All gassed up and ready to go
Gardeners use lots of power equipment to help them with their work.
A quick look around the garage or tool shed reveals tillers, leaf blowers, mowers, string trimmers, chain saws, pressure washers and more. In the past, you just went down to the gas station and filled a can, put in some oil for some and that was that. Not so simple anymore.
In the U.S., we got the lead out of gasoline completely by 1995 (except for aviation fuel) due to its neurotoxicity. In place of lead, ethanol or MTBE was added to "oxygenate" gasoline so engines would run without knocking or pinging. Sophisticated fuel injection and ignition computers solved many of the problems with efficiency and combustion in large engines to accommodate these new fuels.
This leaves a problem with small 4-cycle and 2-cycle engines that you find on all this power equipment. Most manufacturers of 4-cycle engines that power mowers, splitters, pressure washers, larger tillers (any that have a crankcase that you fill with oil) now say gasoline with up to 10 percent ethanol is OK. The problem is that there are now fuels at the pump like E85 that contain 85 percent ethanol and E15 with 15 percent ethanol.
The other problem with oxygenated fuels is that the ethanol attacks plastic and neoprene parts found in carburetors, especially older equipment. Additionally, ethanol has great affinity for water so storing it for any period of time will cause problems because it absorbs water from the air.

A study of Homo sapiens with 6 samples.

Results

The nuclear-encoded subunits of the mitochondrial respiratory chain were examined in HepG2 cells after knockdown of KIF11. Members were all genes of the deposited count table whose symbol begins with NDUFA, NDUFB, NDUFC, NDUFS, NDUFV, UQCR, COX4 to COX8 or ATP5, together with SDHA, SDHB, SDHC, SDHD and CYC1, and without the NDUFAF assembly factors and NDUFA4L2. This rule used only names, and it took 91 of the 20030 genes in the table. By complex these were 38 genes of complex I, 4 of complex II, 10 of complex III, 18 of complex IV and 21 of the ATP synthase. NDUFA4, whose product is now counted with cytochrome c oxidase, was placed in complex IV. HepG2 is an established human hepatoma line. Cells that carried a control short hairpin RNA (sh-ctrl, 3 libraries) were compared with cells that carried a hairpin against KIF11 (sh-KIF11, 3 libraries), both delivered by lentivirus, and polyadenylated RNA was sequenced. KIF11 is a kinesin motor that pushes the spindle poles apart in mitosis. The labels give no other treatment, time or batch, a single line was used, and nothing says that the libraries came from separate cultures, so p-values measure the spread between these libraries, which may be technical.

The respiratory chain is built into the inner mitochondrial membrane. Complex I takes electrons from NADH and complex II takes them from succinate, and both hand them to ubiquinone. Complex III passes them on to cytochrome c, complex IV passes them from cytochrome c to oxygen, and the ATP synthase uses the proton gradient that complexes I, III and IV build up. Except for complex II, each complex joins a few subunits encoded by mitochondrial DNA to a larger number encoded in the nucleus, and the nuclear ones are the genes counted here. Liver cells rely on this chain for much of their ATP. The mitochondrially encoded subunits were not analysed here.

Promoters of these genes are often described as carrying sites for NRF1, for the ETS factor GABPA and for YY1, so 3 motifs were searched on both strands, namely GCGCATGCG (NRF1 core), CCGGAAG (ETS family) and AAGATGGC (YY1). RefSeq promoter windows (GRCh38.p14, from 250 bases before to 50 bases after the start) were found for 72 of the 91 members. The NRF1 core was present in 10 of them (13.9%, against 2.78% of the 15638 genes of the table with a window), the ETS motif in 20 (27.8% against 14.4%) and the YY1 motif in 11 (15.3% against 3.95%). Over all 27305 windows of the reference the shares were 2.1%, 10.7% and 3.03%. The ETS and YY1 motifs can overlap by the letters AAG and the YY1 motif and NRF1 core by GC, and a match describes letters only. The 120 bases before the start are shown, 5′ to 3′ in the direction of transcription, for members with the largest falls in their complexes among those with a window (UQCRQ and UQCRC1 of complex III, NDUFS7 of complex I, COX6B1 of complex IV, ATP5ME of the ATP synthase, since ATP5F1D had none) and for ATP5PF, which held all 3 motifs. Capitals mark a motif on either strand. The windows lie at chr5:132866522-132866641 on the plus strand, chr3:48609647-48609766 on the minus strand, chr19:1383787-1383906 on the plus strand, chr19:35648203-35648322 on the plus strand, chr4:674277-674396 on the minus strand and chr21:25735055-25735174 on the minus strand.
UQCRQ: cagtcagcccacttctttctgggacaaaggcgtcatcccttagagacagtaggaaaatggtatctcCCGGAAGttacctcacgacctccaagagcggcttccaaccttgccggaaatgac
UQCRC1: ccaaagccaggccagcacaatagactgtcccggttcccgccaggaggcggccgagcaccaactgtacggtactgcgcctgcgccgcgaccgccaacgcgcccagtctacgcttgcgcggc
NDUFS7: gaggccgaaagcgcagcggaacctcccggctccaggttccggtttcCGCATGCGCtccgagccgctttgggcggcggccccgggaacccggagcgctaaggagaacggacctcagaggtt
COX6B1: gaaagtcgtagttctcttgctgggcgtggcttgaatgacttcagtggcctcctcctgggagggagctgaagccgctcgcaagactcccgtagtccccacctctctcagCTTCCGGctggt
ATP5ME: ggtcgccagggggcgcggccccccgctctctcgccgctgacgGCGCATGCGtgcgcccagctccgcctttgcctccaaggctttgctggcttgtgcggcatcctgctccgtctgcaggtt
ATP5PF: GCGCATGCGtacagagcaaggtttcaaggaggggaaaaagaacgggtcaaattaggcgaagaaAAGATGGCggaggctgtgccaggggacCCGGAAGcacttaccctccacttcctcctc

Here are the current recommendations: if you have older 4-cycle engines, buy non-oxygenated fuel for them. Not all stations have it; however, there are several in Bemidji and others around the county. The fuel will have an octane rating of 91. If you have newer 4-cycle engines, E10 (oxygenated gasoline, 87 octane) is OK but don't let it get more than three months old unless you put in fuel stabilizer.
If you have 2-cycle engines (those that require oil mixed with gas) on any equipment, check the owner's manual for mixture recommendations. Most new engines require a 50:1 fuel to oil mixture; older ones may be up to 16:1. To be safe, use only non-oxygenated fuel in them, 91 octane and then add fuel stabilizer when you mix the gas. This goes for 2-cycle outboard motors also.
Now you can buy fuel in cans that is premixed and contains stabilizer. If you are an occasional user, this may be a better alternative. It will cost about $24 a gallon. For comparison, if you mix your own, the gasoline will be around $4.10, the oil around $1.50 and the stabilizer around $.30 for a total of a little under $6 a gallon. Smaller containers of oil and stabilizer will increase the price.
A good habit to get into is to have separate gas cans for the different fuels your tools require, mark them well and don't let them get old. Using the wrong fuel can eat up a piston in a hurry and cost far more than saving a buck at the pump.
Refer to the revamped and updated University Of Minnesota Extension Service website, www.extension.umn.edu/garden/yard-garden/ for more information on horticultural topics.
In addition, local Master Gardeners will again answer your questions on home horticulture. Call (218) 444-7916, leave your name, number and question and you will receive a return call.